Institute seminar Wednesday December 15th
The institute seminar on Wednesday December 15th is given by Vessela Kristensen from the Department of Genetics.
Title of her talk: Genetic and epigenetic interactions in the development of breast cancer?
The seminar takes place in the Auditorium (New Research Building Montebello) and starts at 12:00.
Genetic and epigenetic interactions in the development of breast cancer?
Vessela Kristensen, Department of Genetics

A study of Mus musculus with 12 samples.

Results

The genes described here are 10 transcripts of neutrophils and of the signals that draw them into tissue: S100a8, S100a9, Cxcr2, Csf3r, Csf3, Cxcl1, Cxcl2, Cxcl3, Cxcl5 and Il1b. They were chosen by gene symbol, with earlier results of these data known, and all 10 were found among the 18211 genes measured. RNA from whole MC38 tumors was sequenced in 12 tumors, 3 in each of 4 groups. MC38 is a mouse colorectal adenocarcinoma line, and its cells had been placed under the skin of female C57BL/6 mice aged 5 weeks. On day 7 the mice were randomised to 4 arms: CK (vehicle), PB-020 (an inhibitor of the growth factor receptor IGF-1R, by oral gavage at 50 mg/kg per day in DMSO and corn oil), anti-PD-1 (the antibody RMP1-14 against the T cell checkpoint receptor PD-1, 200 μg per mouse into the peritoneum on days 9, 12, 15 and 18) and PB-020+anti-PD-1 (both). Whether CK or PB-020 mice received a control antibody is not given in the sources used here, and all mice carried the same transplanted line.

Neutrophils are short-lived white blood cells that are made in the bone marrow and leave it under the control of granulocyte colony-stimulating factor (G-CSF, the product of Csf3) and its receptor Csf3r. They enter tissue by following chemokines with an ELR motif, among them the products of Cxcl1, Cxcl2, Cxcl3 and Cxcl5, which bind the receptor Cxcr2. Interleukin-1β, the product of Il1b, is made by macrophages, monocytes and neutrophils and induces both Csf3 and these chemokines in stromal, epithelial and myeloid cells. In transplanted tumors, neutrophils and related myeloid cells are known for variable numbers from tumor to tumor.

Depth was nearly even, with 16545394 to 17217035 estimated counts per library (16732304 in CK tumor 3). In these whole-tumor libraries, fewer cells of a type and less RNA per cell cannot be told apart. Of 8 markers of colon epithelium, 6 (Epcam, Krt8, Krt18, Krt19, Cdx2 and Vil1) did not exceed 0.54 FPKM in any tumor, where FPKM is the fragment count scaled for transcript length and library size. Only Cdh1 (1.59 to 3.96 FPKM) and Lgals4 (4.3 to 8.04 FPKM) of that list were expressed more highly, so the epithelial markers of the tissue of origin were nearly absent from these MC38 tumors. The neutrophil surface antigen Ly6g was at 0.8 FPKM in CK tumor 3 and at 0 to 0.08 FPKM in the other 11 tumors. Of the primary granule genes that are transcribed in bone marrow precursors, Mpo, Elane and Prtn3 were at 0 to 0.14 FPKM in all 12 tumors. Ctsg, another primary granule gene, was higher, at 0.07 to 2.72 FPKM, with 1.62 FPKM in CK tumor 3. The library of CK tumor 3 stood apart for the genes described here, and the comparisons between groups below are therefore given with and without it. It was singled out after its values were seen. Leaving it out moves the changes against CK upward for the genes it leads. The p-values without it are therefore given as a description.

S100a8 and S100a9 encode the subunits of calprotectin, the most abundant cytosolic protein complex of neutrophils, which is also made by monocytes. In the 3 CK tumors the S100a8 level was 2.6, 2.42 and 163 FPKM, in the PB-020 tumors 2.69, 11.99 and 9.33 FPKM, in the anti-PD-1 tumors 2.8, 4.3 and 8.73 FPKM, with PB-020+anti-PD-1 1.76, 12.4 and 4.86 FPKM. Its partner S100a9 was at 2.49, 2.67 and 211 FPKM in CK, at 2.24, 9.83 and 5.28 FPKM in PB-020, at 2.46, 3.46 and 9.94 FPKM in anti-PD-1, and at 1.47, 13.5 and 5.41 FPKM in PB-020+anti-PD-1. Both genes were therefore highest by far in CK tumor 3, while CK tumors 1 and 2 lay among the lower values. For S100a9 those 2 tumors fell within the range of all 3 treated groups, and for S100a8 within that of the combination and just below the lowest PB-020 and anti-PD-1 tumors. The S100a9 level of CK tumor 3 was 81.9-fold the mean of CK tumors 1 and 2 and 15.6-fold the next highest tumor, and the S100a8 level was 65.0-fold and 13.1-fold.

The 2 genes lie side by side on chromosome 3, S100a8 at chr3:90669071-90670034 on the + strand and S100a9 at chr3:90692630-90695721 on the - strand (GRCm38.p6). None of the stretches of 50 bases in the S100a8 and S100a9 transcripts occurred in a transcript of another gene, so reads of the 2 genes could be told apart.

Gene expression analysis of breast tumors have identified different breast cancer subgroups with differences in outcome for patients belonging the basal-like compared to the estrogene positive luminal-like subgroups (A and B). A number of miRNA s have been described by us and others to distinguish this subclassification and we were able to identify specific molecular pathways derived from joint analysis of miRNA and mRNA data in the breast cancer subtypes (Enerly et al 2010). Tumor subtype-specific CNAs (copy number alterations) reveal a subtype dependent features such as amplification of 12q for Luminal B, amplification of 10p in basal-like tumors, and frequent deletion of 16q in Luminal A (Nordgard et al 2008). Our recent sub-classification of the tumors based on DNA methylation reflected a clear distinction between Luminal A-like tumors and Basal-like/ERBB2-positive tumors (Fleischer et al, 2010 Rønneberg et al 2010). All these lines of evidence point to a common distinction of the separate molecular subclasses of breast cancer independent on the studied molecular end-points suggesting either a common predominant cellular or immunological characteristics or genetic background of the individuals in each subclass. With this in mind using the Illumina 109K and more recently the 660K SNP panel for whole genome analyses we studied the genetic background of 109 breast cancer individuals profiled by all these described above methods and attempted to identify controlling loci associated to both mRNA (Nordgard et al, manuscript) and miRNA expression, DNA methylation and amplification/deletion events (van Loo et al 2010).